Author: AkG
Date: July 29, 2012
Product Name: Vertex 4 128GB
Part Number: VTX4-25SAT3-128G
Warranty: 5 Years


At its heart the Everest 2 controller is a 400Mhz dual core ARM based, multi-channel SATA 3 / 2 controller which features some very interesting technology, some of which bears more than a passing resemblance to SandForce’s key features. For example, SandForce has something called “DuraWrite” while the Everest 2 has “NDurance 2.0”. In its most basic form, NDurance 2.0 is an advanced NAND flash management suite designed to radically extend the life of the NAND cells and your data. NDurance first made an appearance in the Everest 1 controller but has had its abilities refined and upgraded in the new second generation Everest controller.

This life extension takes the form of various different techniques, the first of which is extremely advanced multi-level, BCH Error Correction Code. Much like the SandForce SF2281 controller makes use of 55 bits of ECC per 512 bytes of data, the Everest 2 has 128bits worth of ECC per 1 Kilobyte of data. The controller’s progressive error correction capabilities are not fixed and can be adapted to the specific error characteristics of different NAND used in different runs, batches and even types. The end result is that the chances of your data being corrupted on any Everest 2 controller based drive –regardless of NAND type used - are greatly reduced as the ECC routines will be finely tuned to maximize data retention abilities of the NAND it is paired with.


Advanced ECC is only one part of NDurance 2.0 equation and this controller also boasts Adaptive NAND Management and Signal Processing. ANM&SP means that it can apply both proprietary and vendor specific commands such as internal voltage shifting as well as sophisticated signal processing techniques during read, write and erase cycles. These cutting edge commands and techniques extend the life of the NAND cells by being more “gentle” on them (ie use less voltage) while creating less disturbance of adjacent cells during highly stressful processes. As a result, NDurance 2.0 minimizes the physical deterioration of the NAND and helps maximize the potential lifespan of all the NAND’s cells.

The last feature of NDurance 2.0 is an optional feature not enabled on the Vertex 4 called RNA. RNA is much like the SandForce SF2281’s RAISE (Redundant Array of Independent Silicon Elements) since it is a distributed data safeguarding technique very similar to those found in a RAID array. Much like your typical RAID array, the Everest 2 controller can automatically generate parity data for each block and then stripe this data across multiple NAND blocks. If one block suffers a catastrophic failure - above and beyond what the ECC can handle - the controller can still recover the data via this second layer of protection.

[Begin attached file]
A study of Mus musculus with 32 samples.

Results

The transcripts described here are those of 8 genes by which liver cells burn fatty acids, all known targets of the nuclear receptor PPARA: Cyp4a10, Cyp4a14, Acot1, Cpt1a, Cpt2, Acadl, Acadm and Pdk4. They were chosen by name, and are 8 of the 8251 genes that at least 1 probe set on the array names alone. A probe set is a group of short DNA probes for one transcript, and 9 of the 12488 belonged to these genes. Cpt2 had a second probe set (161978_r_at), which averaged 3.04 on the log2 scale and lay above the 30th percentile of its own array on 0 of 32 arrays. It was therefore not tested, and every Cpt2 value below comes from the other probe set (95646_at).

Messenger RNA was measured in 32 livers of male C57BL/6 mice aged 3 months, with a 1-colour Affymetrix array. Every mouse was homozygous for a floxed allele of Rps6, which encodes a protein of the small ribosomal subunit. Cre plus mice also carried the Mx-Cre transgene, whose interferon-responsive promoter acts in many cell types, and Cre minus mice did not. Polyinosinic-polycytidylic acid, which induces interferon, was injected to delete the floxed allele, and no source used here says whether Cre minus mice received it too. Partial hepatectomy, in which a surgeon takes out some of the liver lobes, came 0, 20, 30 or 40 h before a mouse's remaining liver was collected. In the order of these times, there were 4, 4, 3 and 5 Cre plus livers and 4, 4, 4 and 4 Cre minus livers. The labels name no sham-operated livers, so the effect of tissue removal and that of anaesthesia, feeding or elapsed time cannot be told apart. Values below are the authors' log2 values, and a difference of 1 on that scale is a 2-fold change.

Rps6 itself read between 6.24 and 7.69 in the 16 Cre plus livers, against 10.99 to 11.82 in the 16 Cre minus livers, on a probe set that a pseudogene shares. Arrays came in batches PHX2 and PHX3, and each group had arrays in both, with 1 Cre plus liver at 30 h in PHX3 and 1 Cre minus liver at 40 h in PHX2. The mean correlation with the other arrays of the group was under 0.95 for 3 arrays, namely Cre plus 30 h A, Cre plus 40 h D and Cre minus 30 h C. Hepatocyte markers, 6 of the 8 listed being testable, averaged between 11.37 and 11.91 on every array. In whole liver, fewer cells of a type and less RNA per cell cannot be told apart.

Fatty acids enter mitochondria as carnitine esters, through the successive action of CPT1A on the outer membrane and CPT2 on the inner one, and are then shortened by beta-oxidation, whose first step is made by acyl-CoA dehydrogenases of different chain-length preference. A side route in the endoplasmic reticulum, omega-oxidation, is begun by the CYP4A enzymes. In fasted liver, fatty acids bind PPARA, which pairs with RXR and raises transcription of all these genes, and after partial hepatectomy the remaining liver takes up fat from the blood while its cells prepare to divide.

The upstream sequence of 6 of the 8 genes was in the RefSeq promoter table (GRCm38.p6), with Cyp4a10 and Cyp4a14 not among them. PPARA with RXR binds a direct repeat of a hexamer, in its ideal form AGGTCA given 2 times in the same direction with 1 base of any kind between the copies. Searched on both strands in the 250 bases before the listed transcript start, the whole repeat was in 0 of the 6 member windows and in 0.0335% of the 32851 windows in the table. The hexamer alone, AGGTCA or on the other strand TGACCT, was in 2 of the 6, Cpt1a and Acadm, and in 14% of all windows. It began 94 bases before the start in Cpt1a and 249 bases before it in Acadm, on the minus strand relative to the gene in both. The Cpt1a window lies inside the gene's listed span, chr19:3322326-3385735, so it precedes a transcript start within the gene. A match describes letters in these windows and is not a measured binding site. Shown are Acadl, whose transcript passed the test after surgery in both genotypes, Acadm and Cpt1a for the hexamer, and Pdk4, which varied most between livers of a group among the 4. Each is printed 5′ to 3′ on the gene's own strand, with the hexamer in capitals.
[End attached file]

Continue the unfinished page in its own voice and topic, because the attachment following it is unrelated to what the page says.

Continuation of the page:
Also like SandForce SF2281 controller, the Everest 2 controller makes use of auto-encryption with 256bit AES support. It is unknown if this encryption is an optional feature or even if it is enabled on the Vertex 4 as this is an enterprise-centric item not required for the average home user or enthusiast.


While some features bear a striking resemblance to those included in SandForce controllers, the Everest 2 isn’t a copycat since it does some very basic things in radically different ways. The biggest difference is the fact that this controller doesn’t do any compression on the data before writing to the NAND. While OCZ states emphatically that the Everest 2 has greatly reduced write amplification they don’t explain exactly what the write amplification is beyond being low. In all likelihood it is higher than SandForce’s .6x, but OCZ is so sure of this controller’s abilities that - unlike the Vertex 3’s three year warranty- the Vertex 4 will come with a five year standard warranty.

By not first compressing the data, the Everest 2 boasts equally good performance for both compressible and incompressible data types. This is a major boon to consumers used to SandForce drives which incur a rather large performance penalty when dealing with already compressed data such as MP3s or video. This directly impacts performance and in the case of the Everest 2 helps it attain an unheard of maximum rating of 120,000 IOP/s.

The other benefit to not compressing all data is there is no need for the massive over-provisioning which SandForce drives require. In the case of the Vertex 4 128GB model, this is 8GB of extra space you will have compared to a 120GB Vertex 3 drive. Of course, with zero over-provisioning, if enough NAND blocks die your drive will be in serious trouble as there will no “free” blocks to seamlessly take their place.

In addition to the aforementioned items the Everest 2 has another trick up its sleeve: its TLC NAND abilities. Triple Level Cell NAND is an interesting new technology which promises to make multi-Terabyte solid state drives not only a possibility but economically viable. TLC NAND is unproven and does come with a unique set of disadvantages but its inclusion does prove that the Everest 2 has been designed to work with as large and varied an array of NAND types as possible.

When taken as a whole the Everest 2 seems to be a capable high performance controller that’s more adaptable than any of its direct or indirect Indilinx predecessors.